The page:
Corsa Technology offers a multi-table, SDN BGP pipeline on its OpenFlow data plane devices for fine-grained, programmable routing.

Corsa Technology has added SDN BGP routing to its OpenFlow data plane devices, giving service providers more fine-grained, programmable control over BGP-routed networks.

Corsa builds OpenFlow-based data plane appliances based on field-programmable gate array silicon. They contain multiple, highly programmable flow tables that can support more than a million flow entries.

Corsa data planes use a pipeline approach to flow-based networking, with each flow table in the pipeline applying different sets of flow-forwarding rules, said Carolyn Raab, Corsa's vice president of product management. The first few flow tables in the pipeline groom and normalize packets, making it easier for flow tables further down the line to do more sophisticated tasks, she said.

"In network packet processing, we've tended to use the OSI model of keeping everything nice and segregated and layering stuff," said Eric Hanselman, chief analyst for 451 Research. In the case of BGP routing, this means that a router often discards a lot of the BGP messages it receives that are not relevant to the BGP routing rules that an engineer has configured. Reachability updates, route table updates and autonomous system exchanges are discarded so that the router doesn't waste processing power on them.

With Corsa's new SDN BGP routing pipeline, the company's data plane devices keep all this information so that it can be used for more fine-grained, flow-based routing. An SDN controller can push down commands via OpenFlow to program the BGP pipeline.

"In our BGP pipeline, the first couple tables normalize traffic flow, so you can do things like MAC destination address checks against the rules for that," Raab said. "And then you get to what really matters for the BGP routing functions -- this massive table that contains all the IP information, all the Internet routes. And that number has to be around 500,000 [routes] because that's where we are at this point. That's been a big sticking point for OpenFlow switches. Other gear has collapsed under this 500,000 number."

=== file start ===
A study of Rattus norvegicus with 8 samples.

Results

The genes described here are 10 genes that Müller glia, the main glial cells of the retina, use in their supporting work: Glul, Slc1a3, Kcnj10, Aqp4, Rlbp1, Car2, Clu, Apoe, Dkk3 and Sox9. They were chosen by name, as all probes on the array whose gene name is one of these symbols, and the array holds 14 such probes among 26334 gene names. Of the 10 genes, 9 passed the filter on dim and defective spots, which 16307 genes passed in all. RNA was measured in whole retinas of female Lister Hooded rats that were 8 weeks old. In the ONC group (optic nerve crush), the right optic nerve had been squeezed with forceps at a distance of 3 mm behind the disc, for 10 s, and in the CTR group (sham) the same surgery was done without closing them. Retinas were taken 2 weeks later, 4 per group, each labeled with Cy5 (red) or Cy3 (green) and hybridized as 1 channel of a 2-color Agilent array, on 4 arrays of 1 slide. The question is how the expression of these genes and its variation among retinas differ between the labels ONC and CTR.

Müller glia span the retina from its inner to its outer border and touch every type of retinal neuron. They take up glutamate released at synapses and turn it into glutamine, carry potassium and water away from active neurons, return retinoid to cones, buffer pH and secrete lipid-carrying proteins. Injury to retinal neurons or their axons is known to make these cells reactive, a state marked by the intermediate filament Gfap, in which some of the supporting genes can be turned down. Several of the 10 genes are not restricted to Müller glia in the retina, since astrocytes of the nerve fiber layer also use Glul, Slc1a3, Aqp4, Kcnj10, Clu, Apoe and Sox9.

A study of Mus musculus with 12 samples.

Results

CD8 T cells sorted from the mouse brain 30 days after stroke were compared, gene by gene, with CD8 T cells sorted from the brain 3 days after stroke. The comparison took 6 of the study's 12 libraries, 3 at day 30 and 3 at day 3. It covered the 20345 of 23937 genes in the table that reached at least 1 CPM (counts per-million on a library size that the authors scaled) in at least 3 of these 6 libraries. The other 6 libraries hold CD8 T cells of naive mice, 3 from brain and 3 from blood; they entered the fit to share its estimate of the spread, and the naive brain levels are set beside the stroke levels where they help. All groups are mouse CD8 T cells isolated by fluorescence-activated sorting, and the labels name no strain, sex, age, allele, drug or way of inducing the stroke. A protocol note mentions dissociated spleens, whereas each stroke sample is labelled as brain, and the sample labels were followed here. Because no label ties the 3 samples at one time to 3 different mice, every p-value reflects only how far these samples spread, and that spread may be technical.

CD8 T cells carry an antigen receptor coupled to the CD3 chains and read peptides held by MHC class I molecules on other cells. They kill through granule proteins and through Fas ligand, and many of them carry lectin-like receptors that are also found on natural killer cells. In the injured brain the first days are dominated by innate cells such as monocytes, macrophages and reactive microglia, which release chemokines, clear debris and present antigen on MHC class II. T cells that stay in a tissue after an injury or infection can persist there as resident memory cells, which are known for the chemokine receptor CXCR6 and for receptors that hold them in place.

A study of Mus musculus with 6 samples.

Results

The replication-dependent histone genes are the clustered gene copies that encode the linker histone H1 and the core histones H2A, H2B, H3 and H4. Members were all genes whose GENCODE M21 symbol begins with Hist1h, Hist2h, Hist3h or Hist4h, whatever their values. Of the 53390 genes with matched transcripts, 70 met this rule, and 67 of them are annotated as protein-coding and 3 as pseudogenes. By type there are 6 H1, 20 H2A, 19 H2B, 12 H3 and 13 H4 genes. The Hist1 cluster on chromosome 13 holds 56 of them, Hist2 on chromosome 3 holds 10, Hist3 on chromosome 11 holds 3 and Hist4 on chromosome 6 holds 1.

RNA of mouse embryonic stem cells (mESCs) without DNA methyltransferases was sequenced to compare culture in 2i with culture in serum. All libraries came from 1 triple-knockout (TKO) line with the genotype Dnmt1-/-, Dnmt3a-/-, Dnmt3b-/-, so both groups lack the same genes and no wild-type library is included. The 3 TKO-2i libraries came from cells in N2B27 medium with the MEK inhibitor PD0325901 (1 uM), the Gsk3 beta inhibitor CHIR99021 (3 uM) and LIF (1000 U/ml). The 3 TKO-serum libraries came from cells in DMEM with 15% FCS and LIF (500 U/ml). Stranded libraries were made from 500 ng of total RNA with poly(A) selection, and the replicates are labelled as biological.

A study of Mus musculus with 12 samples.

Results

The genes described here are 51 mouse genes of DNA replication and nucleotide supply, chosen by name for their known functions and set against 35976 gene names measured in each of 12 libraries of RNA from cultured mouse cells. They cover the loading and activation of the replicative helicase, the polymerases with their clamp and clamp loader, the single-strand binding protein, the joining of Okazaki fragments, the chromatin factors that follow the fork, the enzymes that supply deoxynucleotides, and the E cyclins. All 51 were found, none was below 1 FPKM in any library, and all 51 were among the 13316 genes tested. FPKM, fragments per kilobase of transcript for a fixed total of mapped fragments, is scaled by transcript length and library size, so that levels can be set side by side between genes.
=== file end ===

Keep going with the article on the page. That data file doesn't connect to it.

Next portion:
Keeping all of this information also allows service providers to do more granular, policy-based routing. With all of the BGP messages that are traditionally discarded, engineers can do things like path reliability computations and path capacity computations, Hanselman said. "You could go beyond the typical 'Hey, which direction do I go?' to 'What's the state of my exchange with a BGP peer?'" he said.

"Traditionally BGP routers were used at the borders of autonomous systems, and you lost a whole bunch of information [at those borders]," Raab said. "Now you can pass information through that allows you to do peering arrangements and meet SLAs [service level agreements] and do time-of-day routing based at a per-route level. Before you could only weight things at a very high-level, macro way. You can start to meet SLAs across gateways."

In practice, network engineers could automate things like time-of-day routing by writing scripts on routing configuration tools, Hanselman said. But the process has never been easy.

"When you put software control around [BGP] and create some programming abstractions to make it easier to use, you open the door to a lot of things," he said.

Next Steps

Find out how BGP fits into Juniper's SDN controller Contrail.